A Parking Lot Apology

Photo by ShekuSheriff / pixabay.com

By Richard Bauman

Driving through the supermarket parking lot I almost ran over a woman hurrying from the store to her car. I had made a mistake: I was looking to the left and turning right when she charged out of the store, pushing an overflowing shopping cart almost directly in front of my car.

I barely missed hitting her.

Fortunately, she saw me and stopped just as I skimmed by. She yelled something at me, which I didn’t understand through the closed car window. But she left no doubt she was angry over my negligence.

Instantly, I seethed with anger, too. It was her fault, not mine, my mind told me. In that nanosecond of time I rationalized that if she hadn’t rushed into the parking lot, and if she had been paying attention, she wouldn’t have nearly walked in front of me.

My hand was on the window crank and I was starting to roll down the window to shout back at her, but I stopped.

While she might have erred in thinking that I saw her and I would stop, I had blundered, too. Turning in one direction while looking the opposite way was not driving safely.

I parked my car an aisle away from hers. Not sure what I was going to say, let alone what she was going to tell me, I quickly prayed: “God, please give me the words to heal this situation.” Then I walked toward her.

She saw me coming and her jaw set tight, her eyes bore into me and her expression told me she was going to let me have it. I’m certain she thought I was going to verbally blast her, thus she seemed eager to get in the first volley.

“I’m going to report this,” she shouted. “Don’t think I won’t. Just watch and see.”

With calmness that belied the tightness in my chest, I said, “I just wanted to tell you I am sorry that I scared you. I didn’t see you right away.”

With calmness that belied the tightness in my chest, I said, “I just wanted to tell you I am sorry that I scared you. I didn’t see you right away.”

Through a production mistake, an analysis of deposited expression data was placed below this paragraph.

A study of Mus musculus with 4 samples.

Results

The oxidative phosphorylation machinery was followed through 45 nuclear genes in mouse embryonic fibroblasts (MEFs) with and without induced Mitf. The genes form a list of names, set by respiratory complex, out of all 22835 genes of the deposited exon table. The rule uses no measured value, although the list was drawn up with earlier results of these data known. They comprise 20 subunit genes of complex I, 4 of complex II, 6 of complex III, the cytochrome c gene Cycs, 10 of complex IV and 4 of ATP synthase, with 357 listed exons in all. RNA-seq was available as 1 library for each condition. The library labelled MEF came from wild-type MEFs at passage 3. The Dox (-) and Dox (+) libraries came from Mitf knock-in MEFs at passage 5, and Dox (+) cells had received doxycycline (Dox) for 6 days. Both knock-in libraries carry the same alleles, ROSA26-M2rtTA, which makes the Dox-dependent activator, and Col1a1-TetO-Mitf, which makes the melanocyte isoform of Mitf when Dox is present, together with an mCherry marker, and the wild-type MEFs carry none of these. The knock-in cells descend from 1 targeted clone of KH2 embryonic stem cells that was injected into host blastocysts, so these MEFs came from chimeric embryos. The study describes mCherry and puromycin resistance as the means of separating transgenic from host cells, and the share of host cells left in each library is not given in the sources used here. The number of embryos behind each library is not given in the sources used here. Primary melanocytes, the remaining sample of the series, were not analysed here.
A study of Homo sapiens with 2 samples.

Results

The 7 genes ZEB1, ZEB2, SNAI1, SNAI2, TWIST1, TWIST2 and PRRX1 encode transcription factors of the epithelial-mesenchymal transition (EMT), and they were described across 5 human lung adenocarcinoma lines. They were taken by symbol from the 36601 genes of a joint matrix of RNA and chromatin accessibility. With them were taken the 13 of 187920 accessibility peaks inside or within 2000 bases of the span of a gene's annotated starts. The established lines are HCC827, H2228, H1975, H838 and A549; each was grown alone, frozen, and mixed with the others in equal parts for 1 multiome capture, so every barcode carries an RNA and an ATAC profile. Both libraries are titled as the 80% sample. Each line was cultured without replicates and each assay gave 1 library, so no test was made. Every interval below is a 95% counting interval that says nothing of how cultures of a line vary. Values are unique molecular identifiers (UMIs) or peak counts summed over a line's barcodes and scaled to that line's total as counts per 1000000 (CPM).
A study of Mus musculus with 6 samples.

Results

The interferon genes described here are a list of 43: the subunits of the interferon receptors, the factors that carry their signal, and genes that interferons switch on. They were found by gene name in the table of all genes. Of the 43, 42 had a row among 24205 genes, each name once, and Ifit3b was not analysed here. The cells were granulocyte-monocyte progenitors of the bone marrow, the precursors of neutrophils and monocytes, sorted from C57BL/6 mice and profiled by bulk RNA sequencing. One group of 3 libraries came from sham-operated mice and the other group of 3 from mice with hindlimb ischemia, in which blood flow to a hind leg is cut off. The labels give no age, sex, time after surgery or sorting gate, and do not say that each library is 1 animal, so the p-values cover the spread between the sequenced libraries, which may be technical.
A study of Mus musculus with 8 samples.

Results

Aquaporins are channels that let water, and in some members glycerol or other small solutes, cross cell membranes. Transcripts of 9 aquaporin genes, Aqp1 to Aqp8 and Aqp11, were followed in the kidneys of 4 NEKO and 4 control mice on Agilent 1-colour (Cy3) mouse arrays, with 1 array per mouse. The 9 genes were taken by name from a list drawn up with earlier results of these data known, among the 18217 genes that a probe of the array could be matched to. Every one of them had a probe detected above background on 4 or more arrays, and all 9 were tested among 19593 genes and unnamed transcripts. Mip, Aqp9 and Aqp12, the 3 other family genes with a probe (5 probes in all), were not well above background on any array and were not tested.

Her eyes opened wide, and her jaw dropped a little. It was as if she was hearing something she couldn’t believe. With a little less sharpness in her voice, she responded, “Well, I thought you did it on purpose.”

“No. I just didn’t see you,” I reiterated. “I was looking the wrong way when I turned. I am sorry I scared you.”

In a voice several decibels lower, and calmer, she thanked me for apologizing. I said goodnight, and walked back to my car.

I wish I could say peace and serenity filled my heart. Not so. I was piqued she hadn’t recognized her mistake and apologized for her part in the incident. I was surprised by the hostility I felt toward her because apparently she wasn’t sorry for her actions.

I know it isn’t unusual to feel animosity toward others, even when we are at fault. But I also know I don’t have to act on those feelings.

I’m sure there are numerous places in Scripture that address my ill will, but two I especially like are:

“Love your enemies, do good to those who hate you, bless those who curse you, pray for those who mistreat you.” (Luke 6:27)


“Be kind to one another, tenderhearted, forgiving one another, as God in Christ forgave you.” (Ephesians 4:32)

I pray that each time I err I will recognize it, have to courage to promptly admit it, and accept the other person’s response—no matter what it might be.

Richard Bauman is a freelance writer from West Covina, California. He has authored five books: Awe-Full Moments: Spirituality in the Commonplace, It Made a Difference to that One, Holy Humor: If This is Church, Why are we Laughing?Bible Oddities, and Women of the Bible: A Quiz Book.